The COVID-19 pandemic and seeing the demise of many Black news professionals inspired Cary Wheelous to launch Hayti, a mobile app that supplies users with access to content from over 200 Black publishers. (Courtesy photo)
By Megan Sayles
AFRO Business Writer
Report for America Corps Member
When Cary Wheelous heard that the Carolina Times would close as a result of publisher’s Kenneth Edmonds’ untimely death in May 2020, he was astounded that yet another Black newspaper was going out of business. Wheelous, who lives near the publication’s location in Durham, North Carolina, discerned that he needed to do something to protect members of the Black press.
“I said to myself, ‘Somebody has to help these Black publishers and these Black newspapers,” said Wheelous. The result was Hayti, a mobile app for Apple and Android that aggregates articles, videos and podcasts from Black publishers both nationally and internationally.
The app, pronounced “hay-tie,” derives its name from the Hayti community in Durham where Black-owned businesses and Black wealth flourished during the early 1900s. The district was a Black Wall Street in North Carolina, and its name honored the country of Haiti, the first free Black republic in the world.
Wheelous said the only reason Hayti was able to come into fruition was because of COVID-19. He is the president of College Health TV, a leading streaming channel that provides health and wellness programming at colleges and universities across the country. When the pandemic hit, campuses stopped playing his channels, which severely affected his business. He found himself with free time on his hands so he dedicated himself to creating the app, and after eight months of work, it was ready to launch in May 2021.
“Nobody has aggregated all of the Black press and all of the Black media,” said Wheelous. “It was my goal to do that as a company.”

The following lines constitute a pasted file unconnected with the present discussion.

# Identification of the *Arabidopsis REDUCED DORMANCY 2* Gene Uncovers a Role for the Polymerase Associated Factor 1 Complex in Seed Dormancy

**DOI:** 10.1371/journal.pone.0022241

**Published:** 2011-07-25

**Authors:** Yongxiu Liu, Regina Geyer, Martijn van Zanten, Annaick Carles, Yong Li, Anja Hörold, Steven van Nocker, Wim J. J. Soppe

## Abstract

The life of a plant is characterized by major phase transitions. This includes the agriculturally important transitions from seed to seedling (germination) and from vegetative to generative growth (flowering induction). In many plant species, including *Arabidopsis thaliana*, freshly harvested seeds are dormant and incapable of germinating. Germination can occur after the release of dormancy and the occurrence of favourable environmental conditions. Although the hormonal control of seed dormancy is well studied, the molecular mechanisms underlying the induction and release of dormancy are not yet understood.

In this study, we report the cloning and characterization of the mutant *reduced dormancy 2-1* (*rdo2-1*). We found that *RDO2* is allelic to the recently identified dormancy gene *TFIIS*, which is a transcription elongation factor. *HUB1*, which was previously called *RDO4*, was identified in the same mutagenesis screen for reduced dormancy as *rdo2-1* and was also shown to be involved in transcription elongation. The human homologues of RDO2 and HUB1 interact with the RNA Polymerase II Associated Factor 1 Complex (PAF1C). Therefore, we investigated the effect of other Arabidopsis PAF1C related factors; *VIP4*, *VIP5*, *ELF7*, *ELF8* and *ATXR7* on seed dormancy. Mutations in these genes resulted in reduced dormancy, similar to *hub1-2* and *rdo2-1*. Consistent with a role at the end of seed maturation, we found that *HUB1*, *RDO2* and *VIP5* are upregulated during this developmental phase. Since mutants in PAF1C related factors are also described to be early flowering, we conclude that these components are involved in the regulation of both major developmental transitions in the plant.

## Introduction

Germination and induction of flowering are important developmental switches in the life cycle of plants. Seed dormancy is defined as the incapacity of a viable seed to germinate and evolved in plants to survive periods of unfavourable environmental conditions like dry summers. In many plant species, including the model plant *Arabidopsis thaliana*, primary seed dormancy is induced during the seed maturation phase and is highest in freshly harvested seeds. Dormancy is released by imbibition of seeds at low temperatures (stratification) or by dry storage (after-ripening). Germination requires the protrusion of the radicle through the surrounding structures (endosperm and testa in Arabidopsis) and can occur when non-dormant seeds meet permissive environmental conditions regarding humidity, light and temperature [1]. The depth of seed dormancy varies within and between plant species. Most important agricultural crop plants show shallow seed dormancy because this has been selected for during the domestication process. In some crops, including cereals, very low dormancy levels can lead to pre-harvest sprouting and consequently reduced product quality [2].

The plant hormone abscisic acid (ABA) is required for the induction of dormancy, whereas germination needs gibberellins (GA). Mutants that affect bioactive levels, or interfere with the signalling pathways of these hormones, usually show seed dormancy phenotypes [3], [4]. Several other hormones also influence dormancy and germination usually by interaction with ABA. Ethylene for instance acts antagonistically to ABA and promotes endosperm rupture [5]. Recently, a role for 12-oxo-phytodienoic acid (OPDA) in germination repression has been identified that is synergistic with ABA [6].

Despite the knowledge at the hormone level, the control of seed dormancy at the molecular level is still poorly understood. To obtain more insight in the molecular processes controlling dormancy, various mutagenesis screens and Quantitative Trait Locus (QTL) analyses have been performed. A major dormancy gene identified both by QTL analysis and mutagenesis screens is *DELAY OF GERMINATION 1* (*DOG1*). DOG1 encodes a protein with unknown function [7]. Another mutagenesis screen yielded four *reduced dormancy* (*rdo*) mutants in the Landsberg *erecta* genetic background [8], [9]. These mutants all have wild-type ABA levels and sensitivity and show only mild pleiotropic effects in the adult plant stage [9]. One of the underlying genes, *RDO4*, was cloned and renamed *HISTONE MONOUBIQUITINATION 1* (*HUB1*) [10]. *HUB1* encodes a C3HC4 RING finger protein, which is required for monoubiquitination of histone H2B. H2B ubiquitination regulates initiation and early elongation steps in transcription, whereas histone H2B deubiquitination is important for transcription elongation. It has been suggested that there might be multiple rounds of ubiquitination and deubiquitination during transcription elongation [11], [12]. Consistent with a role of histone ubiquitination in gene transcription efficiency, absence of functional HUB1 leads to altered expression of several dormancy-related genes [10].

The app has compiled news content from over 200 publishers in the United States, Africa and Caribbean. It covers topics that include entertainment, food, sports, politics, business and HBCU news. Hayti is also the first black-owned mobile app to enable users to store content in custom folders and to offer videos, articles and podcasts on one platform.
One of the prime features is its “Today in Black History” section, in which Wheelous documented 365 days of unique facts ranging in subjects from Black inventions to the Civil Rights Movement.
“Black history has always been important to me,” said Wheelous. It’s been, basically, a sort of support system to me knowing what my ancestors did to be able to bring me this far.”
Because he developed the app with the intention of helping Black publishers maintain their businesses, users are taken directly to the news site when they click on content rather than having the content available to them inside of Hayti. This allows publishers to generate more advertising revenue.
Wheelous hopes that Hayti makes it easier for people to find and consume news and information directly from the Black press, and he also hopes that he can help prevent established Black publications from collapsing.
“The app is for everybody because everybody wants to know what’s going on in the Black community,” said Wheelous. “For the very first time, everybody can find out what’s happening and what’s taking place in the Black community.”